Soren-a From Denmark, joined Sep 2001, 235 posts, RR: 0 Reply 14, posted (12 years 1 month 1 week 9 hours ago) and read 1566 times:
Although I use the EOS 33 I have never tried handling a D30 (they are SO suspicious at my local photo shop ) or any other type of digital SLR camera, so here is a (perhaps) stupid question: Do they have a viewfinder like a regular SLR camera, or is there a screen on the back like regular digital cameras?? (I would imagine that they have some sort of viewfinder - it would be difficult operating a 500mm lins if you had to look at the back of the camera).
Da fwog From United Kingdom, joined Aug 1999, 867 posts, RR: 9 Reply 18, posted (12 years 1 month 1 week 5 hours ago) and read 1537 times:
The D30 and S1 work in exactly the same way in this respect (as do the Canon 1D and Nikon D1,D1X,D1H). That is you use the viewfinder as you would with a conventional SLR for taking the pic, and the screen on the back for navigating through the menus and previewing the pics once you have taken them. Why doesn't the LCD screen also act as a viewfinder? The reason is because the light coming into the camera doesn't hit the CCD sensor UNTIL you fire the shutter - it gets bounced up into the viewfinder by the mirror!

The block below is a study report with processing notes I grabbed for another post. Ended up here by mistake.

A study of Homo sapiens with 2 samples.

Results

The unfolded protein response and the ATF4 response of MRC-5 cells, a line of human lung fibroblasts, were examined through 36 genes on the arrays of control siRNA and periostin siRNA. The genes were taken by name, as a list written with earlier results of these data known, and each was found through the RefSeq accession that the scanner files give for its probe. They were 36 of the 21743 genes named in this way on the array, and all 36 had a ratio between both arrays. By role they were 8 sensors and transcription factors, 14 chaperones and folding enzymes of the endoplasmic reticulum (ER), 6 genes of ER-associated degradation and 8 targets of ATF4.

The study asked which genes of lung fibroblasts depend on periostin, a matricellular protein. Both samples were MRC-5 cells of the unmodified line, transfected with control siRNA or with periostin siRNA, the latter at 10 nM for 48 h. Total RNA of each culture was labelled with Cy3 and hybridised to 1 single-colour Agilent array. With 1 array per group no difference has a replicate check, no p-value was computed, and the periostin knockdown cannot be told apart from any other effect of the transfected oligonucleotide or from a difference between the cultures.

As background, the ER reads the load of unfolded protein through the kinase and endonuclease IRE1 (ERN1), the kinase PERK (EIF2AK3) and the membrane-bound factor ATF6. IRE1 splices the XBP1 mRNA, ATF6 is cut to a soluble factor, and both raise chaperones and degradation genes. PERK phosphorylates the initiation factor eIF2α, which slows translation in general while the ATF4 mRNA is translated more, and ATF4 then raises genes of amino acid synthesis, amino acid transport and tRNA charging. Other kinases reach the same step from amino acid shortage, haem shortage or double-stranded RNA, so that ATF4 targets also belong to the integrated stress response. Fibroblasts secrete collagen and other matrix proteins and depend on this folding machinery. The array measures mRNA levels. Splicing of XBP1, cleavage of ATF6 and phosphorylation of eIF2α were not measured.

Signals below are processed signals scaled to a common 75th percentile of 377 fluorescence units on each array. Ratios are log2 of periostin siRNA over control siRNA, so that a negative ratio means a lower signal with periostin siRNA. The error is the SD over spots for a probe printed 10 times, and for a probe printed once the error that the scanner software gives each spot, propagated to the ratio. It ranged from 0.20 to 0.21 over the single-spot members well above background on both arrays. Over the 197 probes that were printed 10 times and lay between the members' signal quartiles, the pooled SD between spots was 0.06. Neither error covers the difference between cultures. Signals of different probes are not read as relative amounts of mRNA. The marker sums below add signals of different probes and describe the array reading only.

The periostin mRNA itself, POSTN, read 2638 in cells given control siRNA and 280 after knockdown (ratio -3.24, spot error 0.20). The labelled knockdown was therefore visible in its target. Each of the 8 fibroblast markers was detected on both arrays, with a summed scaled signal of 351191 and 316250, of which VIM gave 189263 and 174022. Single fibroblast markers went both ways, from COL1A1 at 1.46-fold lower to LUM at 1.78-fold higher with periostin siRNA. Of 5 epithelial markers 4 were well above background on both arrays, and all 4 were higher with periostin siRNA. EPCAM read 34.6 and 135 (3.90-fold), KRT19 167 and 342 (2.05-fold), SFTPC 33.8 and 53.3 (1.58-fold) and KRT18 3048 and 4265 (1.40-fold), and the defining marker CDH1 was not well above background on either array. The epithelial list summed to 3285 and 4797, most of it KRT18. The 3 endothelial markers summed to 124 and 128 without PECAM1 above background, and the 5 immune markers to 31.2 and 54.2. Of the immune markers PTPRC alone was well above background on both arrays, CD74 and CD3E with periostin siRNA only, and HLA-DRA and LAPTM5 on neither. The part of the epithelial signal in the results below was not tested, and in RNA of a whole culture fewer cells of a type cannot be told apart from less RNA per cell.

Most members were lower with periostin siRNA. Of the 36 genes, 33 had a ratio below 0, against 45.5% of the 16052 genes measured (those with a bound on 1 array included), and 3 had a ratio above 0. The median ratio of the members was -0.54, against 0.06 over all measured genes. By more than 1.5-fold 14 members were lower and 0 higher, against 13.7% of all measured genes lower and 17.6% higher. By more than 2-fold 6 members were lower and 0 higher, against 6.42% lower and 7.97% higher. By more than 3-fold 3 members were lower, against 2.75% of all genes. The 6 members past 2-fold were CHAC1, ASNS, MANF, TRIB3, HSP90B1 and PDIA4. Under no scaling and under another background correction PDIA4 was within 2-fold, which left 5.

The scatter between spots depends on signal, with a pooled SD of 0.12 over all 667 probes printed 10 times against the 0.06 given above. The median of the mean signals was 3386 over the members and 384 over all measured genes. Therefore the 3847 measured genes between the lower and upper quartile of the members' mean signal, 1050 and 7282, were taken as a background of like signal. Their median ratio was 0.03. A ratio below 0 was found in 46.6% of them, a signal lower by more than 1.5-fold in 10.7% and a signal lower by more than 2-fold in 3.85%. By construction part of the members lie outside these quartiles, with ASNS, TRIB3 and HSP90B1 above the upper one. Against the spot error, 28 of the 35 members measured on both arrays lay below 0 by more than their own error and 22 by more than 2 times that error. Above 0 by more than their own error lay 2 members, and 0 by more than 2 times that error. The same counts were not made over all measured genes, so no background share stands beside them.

As far as I know, all the digital SLRs that allow you to use either the viewfinder OR LCD screen to take your pics have digital viewfinders, with the exception of the Olympus E10 (And presumably E20 too). This has a conventional optical viewfinder, and uses a half-silvered mirror, so the light goes both ways at once.
Da fwog From United Kingdom, joined Aug 1999, 867 posts, RR: 9 Reply 20, posted (12 years 1 month 1 week 4 hours ago) and read 1526 times:
The EOS 30 is superior technically to the D30. For example, the D30 is slower in terms of frames per second, and has only 3 autofocus points.
The D30 allows you to select an ISO rating of 100, 200, 400, 800 or 1600. The slower the setting, the higher quality the image. I shoot almost exclusively on ISO 200 (there's almost no discernible difference between 100 & 200), but increase the ISO where it becomes necessary to maintain a reasonable shutter speed, or when using a very long lens.
This pic has the ISO cranked up. I can't for the life of me remember whether I was using ISO 800 or 1600 though - but you can see the increased noise.
As regards bracketing, the manual claims 3 shots per second in continuous drive mode. I think this is a little optimistic - more like 2.5 frames a sec, so it would take you just over 1 sec to take your auto bracketed set of 3.